A time to give back
By Christine Boatwright
Alan Porter’s life changed when Clyde Williams, MD, chair of the UF Department of Radiology in the late 1960s, told him he needed to go to medical school.
Porter, MD ’71, was planning to become a patent attorney after he worked on his master’s in radiation physics under Williams’ guidance, but the chair’s advice pointed him in a new direction.
“I’m glad he pursued that with me,” Porter said. “Medical school was a tremendous experience at Florida. It was outstanding training, and it prepared you for going on in medicine.”
After medical school, Porter completed his residency training in radiation oncology at UF under the founding chairmanship of Rodney Million, MD. Porter then went on to open Porter Radiation Oncology in 1975, which was one of the first privately owned freestanding outpatient centers for radiation oncology in Florida. His practice has since grown to include locations in Sarasota, Venice, Englewood and Port Charlotte.
Two years ago, UF College of Medicine Dean Michael Good, MD, asked Porter to be part of his leadership committee. The committee members quickly became aware of an urgent need to upgrade the college’s existing medical school facilities.
“I know the medical school started in 1956, so it’s been in the same place for 57 years. It’s time to upgrade,” Porter said.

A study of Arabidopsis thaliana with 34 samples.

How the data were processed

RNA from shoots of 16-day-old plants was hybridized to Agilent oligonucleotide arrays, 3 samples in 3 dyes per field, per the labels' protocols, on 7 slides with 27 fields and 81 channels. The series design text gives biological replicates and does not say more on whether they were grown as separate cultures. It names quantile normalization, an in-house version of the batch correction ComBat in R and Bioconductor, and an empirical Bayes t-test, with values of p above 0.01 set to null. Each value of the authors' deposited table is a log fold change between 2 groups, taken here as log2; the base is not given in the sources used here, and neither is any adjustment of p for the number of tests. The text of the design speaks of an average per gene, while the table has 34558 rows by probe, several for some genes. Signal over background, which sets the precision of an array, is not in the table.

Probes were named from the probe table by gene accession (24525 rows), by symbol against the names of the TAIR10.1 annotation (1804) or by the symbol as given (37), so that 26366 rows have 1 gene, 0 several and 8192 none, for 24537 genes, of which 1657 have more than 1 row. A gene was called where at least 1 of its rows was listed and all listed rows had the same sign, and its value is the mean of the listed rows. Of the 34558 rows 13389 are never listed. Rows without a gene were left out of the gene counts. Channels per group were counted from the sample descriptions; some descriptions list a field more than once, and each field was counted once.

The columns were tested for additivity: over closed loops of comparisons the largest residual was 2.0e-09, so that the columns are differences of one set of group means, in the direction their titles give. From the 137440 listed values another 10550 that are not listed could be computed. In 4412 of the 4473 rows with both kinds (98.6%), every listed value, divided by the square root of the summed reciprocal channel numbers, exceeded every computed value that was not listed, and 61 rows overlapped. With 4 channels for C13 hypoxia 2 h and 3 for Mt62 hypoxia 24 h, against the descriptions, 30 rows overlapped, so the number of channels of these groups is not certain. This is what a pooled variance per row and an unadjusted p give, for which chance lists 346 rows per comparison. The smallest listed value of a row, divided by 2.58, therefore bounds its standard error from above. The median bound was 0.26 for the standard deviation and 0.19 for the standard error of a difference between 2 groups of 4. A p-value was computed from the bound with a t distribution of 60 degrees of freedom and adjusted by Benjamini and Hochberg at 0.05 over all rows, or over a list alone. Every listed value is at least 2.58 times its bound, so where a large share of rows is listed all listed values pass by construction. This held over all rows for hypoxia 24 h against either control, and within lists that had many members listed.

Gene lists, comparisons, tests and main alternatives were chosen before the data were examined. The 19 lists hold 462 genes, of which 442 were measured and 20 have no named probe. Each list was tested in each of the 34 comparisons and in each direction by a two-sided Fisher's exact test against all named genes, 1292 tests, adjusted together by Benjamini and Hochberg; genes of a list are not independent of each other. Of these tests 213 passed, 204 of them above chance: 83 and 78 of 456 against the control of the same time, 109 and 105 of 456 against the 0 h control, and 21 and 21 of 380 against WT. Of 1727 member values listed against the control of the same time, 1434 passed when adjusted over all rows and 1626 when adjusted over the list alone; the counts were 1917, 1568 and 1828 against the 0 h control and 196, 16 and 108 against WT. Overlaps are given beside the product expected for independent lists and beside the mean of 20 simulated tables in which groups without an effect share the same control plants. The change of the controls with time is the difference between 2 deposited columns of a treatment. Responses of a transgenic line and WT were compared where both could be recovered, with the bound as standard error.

Porter’s wife, Claudia, RN ‘75, who is a UF College of Nursing graduate, continually invests her time into the Sarasota community by supporting and mentoring young people considering medical careers. The couple recently broadened their scope of support and service to include the UF College of Medicine.
The Porters bestowed a $1 million gift to fund a portion of the new George T. Harrell, MD, Medical Education Building, which will be the future home for UF’s medical and physician assistant students. The gift specifically will fund the four-story tall Dr. Alan and Claudia Porter Tower, which will include study spaces for individual students and small groups.
“I know that you learn a lot of your training in classrooms, but I think the most important place you learn is in the quiet times when you study,” Porter said.
The college broke ground on the new medical education building Nov. 22, and Porter said that since the building project will not receive funding from the state of Florida, he believes the college’s alumni will rise to the financial challenge.
“This is the time to support this effort,” Porter said. “I know the alumni will support it now that it’s a reality — now that we’ve dug some dirt, so to speak.”